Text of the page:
Print Screen: The Ethics of Computer Games
Videogames are different from other forms of mass media. They require player input and, therefore, some level of player reflection. This interactivity, some argue, makes games a superior form of entertainment. You can give players choice; you can give players immediate feedback about the consequences of their decisions. And, if this year's E3 is any indication, this "moral choice" understanding of game narrative is still running strong.
Attendees at the Brink demonstration were given the chance to vote on looting a weapons locker, with horrible consequences; and romance in Dragon Age: Origins was reduced to a bad girl/good girl decision. And last month's Infamous was almost a parody of ethical choices as seen in gaming; if it hadn't so closely resembled so many other games I would be convinced it was satire.
But what if we understand ethics and games in a different way? In his new book "The Ethics of Computer Games," philosopher Miguel Sicart argues that interactivity means more. For him, player control makes games "ethical objects" -- a fancy phrase meaning that game design can be ethical or unethical, based not on its content but on whether it pushes the player to consider the consequences of his/her choices.
For example, the big reveal near the end of BioShock, where you learn how little control your character actually had over his actions, is hailed as an important ethical statement since it forces you to reconsider everything you have done up to that point. Conversely, the Dark/Light decisions in Knights of the Old Republic are an example of unethical game design for Sicart, since they boil ethics down to whether your decision helps you unlock specific powers or plot elements. This is not an ethical design choice even if it is couched in ethical terms.
This distinction leads Sicart in some curious directions. The widely reviled Manhunt is a game in which killing is the only choice, and it consistently pushes the player deeper into unethical and non-virtuous behavior. Reflection, Sicart suggests, is inevitable. Meanwhile, he argues that XIII, which insists that you can't kill the police, would be better if you had to face the consequences of cop-killing. An ethical game is one that forces players to confront their actions.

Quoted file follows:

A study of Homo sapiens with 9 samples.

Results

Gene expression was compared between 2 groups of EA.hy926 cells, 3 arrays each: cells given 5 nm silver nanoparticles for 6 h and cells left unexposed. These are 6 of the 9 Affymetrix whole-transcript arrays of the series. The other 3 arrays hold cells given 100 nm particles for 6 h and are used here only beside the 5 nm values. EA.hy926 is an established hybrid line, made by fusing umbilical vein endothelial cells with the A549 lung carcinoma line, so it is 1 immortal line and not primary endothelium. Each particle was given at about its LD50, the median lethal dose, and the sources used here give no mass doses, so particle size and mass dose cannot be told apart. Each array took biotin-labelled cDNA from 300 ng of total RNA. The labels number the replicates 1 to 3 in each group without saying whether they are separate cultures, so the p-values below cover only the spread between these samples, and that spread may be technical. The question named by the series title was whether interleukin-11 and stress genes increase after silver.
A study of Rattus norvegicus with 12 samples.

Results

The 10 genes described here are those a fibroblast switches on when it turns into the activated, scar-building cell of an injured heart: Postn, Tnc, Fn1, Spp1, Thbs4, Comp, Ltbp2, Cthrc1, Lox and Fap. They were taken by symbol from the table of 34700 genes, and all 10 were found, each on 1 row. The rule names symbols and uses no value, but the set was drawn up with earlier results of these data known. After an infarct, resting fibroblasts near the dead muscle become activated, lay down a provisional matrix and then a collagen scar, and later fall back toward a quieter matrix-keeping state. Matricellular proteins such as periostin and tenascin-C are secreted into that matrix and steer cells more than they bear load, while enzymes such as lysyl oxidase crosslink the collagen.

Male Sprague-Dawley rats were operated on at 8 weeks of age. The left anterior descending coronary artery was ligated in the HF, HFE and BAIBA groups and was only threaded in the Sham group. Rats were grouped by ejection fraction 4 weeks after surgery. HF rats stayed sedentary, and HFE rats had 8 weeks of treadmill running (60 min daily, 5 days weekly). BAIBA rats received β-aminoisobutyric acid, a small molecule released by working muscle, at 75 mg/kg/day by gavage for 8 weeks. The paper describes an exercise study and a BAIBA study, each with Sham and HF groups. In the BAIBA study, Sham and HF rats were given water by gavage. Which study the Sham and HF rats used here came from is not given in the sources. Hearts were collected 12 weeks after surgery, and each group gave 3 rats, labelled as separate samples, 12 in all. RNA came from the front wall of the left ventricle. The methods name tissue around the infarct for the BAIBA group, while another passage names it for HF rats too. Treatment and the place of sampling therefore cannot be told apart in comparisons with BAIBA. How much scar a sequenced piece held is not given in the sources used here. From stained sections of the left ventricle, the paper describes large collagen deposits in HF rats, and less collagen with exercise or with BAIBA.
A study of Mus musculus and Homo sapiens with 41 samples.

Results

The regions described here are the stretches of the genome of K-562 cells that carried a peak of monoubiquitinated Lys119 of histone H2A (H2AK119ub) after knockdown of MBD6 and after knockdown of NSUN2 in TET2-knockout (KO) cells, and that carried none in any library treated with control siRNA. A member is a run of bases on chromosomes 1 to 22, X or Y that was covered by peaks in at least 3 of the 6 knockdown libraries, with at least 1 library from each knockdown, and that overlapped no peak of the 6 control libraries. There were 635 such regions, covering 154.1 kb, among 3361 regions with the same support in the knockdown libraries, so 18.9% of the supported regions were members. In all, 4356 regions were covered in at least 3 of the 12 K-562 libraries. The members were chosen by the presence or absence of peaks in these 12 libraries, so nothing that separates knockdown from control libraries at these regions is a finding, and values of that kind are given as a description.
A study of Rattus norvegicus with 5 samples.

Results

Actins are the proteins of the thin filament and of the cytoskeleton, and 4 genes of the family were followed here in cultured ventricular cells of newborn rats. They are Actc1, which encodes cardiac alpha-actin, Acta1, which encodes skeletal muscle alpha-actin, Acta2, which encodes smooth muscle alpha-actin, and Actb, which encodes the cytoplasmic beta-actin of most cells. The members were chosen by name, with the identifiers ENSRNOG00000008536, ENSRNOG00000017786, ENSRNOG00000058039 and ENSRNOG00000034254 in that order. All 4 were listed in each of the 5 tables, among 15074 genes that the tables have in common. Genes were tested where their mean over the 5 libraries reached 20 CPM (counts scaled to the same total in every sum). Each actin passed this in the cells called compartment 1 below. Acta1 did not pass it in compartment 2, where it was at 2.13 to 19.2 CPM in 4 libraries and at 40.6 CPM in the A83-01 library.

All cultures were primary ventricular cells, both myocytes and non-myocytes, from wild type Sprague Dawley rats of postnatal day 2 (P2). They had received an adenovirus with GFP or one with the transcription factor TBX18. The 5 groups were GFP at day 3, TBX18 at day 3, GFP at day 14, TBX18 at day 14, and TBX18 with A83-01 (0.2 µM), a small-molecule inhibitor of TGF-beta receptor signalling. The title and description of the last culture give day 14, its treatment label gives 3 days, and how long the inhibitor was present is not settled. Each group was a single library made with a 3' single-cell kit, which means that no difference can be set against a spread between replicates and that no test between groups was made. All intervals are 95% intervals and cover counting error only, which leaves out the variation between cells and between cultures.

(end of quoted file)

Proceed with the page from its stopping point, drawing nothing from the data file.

It's almost perverse to think that games that remove or limit choice could be ethically superior. But being able to control your character's ethical being is not the same as reflecting on the ethics of your character. The pointless decision about whether to kill Little Sisters in BioShock, and the buy-your-way-to-neutrality option in Fable, are implied to be examples of bad game design. Pretending that your game has an ethical component is worse than simply not addressing the issue at all.
This is, admittedly, a very novel way of looking at game design. Though many in the serious games movement have consciously worked to invoke reflection and emotion, it's doubtful that the makers of Manhunt were driven by a desire to make a meditative commentary on violence. And, of course, many games are simply outside of ethical discussion. Tetris and Bejeweled and maybe even DOOM are rather trite as objects of ethical inquiry. Move blocks. Match gems. Kill demons. Not a lot to think about.
In terms of ethics, the game-development community is still wedded to the choice-and-consequences model. But what is the payoff for gamers? I still run into many gamers who insist that, so long as the game is "fun," nothing else really matters or is even worth talking about. A good ending and an evil ending are reasons to keep playing, not reasons to doubt the convictions of the developers. Sicart is an academic, so is this just more pointy-head musing about stuff that will never filter down to the rest of us?
I hope not. Gamers who see Shadow of the Colossus as no more than an artistic platform/action game are missing its elegant sadness. If we, as gamers, insist that games are valuable media that affects us emotionally -- even if that emotion is just joy -- then we have to leave room to question whether a game that pretends to be about moral choice really is. Or whether an action game about insurgency, according to the developer's claims, has nothing to do with ongoing real-world wars.
Still, for every gamer who sees a decision tree as a way to "game the system," there's another one asking what their character should do in that situation. Even if Knights of the Old Republic is just math, some people won't play evil -- because they know what evil is, and it doesn't speak to their souls. For all the talk about ethical game design, there is little talk about ethical game-players (massively-multiplayer online games aside), and a game without a player isn't much use at all.